Published: June 16, 2021 | Updated: July 19, 2021
Heidi Roper, Director, ViewHR with useful and topical advice on planning for hybrid working
Given the past year we have experienced in the workplace, it is not surprising that hybrid working is increasingly being spoken about as a potential ‘new normal’, writes Heidi Roper, Director, ViewHR.
A new report by Barnett Waddingham of 2,000 employees found that a third of workers could leave their job if employers do not continue to provide flexible working beyond the pandemic.
The report found that 24% expressed a preference for working mostly from home and sometimes in the office, while 20% said they were keen to work mainly in the office and sometimes at home.
Businesses now risk their employees feeling dissatisfied and in today’s competitive job market, the cost of this in recruitment and retention terms far outweighs the cost of a hybrid policy.
Employers considering implementing hybrid working have several things to consider for this to be a success.
First off, it is important to implement a system which easily allows you to identify who is in the office, who is working from home, and who is elsewhere (e.g. customer visit or annual leave) each day.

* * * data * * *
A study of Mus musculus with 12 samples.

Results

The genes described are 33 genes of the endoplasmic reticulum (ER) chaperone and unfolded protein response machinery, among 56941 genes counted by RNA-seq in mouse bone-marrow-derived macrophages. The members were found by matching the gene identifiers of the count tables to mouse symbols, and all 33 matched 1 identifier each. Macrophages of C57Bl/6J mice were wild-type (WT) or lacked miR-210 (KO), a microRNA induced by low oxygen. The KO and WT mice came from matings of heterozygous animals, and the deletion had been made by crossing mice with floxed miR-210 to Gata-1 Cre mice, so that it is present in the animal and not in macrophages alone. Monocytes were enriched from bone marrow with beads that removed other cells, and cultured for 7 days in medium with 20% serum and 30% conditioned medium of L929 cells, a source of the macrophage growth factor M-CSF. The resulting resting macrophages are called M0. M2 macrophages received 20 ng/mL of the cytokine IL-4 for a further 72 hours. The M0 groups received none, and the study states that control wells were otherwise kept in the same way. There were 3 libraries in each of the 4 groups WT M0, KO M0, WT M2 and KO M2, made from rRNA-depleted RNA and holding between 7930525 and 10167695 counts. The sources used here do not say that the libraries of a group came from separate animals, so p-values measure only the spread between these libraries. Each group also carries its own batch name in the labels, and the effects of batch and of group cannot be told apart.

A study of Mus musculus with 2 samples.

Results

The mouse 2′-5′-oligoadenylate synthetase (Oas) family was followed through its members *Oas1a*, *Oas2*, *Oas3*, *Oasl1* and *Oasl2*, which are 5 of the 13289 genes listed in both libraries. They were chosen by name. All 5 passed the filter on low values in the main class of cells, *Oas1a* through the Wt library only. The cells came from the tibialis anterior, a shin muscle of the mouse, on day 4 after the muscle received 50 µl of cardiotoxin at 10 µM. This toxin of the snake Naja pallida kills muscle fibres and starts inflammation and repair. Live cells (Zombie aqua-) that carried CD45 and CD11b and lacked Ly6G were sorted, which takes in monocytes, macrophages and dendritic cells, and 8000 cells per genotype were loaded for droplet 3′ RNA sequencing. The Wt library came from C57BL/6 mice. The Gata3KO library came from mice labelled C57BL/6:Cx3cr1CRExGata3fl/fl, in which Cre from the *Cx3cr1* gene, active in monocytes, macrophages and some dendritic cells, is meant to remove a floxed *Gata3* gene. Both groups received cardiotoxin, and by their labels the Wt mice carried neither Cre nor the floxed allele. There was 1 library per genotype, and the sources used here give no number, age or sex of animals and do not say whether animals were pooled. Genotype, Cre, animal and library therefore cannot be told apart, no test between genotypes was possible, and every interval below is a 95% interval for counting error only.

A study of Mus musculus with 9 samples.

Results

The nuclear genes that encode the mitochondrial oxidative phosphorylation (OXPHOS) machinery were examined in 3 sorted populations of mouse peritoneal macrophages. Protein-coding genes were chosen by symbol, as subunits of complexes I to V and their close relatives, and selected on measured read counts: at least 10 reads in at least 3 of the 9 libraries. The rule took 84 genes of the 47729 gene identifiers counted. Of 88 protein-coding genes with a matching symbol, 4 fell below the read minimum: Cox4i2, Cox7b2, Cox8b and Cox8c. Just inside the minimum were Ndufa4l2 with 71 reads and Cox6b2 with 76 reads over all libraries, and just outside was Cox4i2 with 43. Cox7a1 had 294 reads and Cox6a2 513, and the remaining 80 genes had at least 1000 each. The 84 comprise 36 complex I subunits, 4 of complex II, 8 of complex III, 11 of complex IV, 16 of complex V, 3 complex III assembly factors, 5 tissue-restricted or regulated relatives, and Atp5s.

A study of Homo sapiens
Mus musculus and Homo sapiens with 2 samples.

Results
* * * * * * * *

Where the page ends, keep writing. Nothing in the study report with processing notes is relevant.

This is also important for monitoring annual leave and sickness absence.
Employers should review their existing working from home policy if they have one or introduce a hybrid/working from home policy if not, to ensure it is fit for purpose going forward.
Employers should also ensure that employment contracts are clear on where an employee’s registered place of work is.
In many cases, this will remain the office, and occasional working from home will be a discretionary measure offered by the employer.
It is also beneficial for an employer to have a hybrid working policy and application process.
Some employees may want to apply for a formal flexible working arrangement not covered under the hybrid working policy (e.g. reduced hours, reduced days or a permanent change to their place of work), and this will set out how such requests are handled.
Hybrid working isn’t just an HR issue!
Other departments and functions are likely to need to be involved in planning a successful hybrid working approach.
These may include IT, to ensure that employees have the necessary technology, health and safety, as DSE assessments may be appropriate for ongoing arrangements and your Data Protection Officer or whoever heads up data protection issues, to ensure appropriate data management.
For help in planning for hybrid working for your employees, ViewHR are here to help – please contact us for an initial discussion.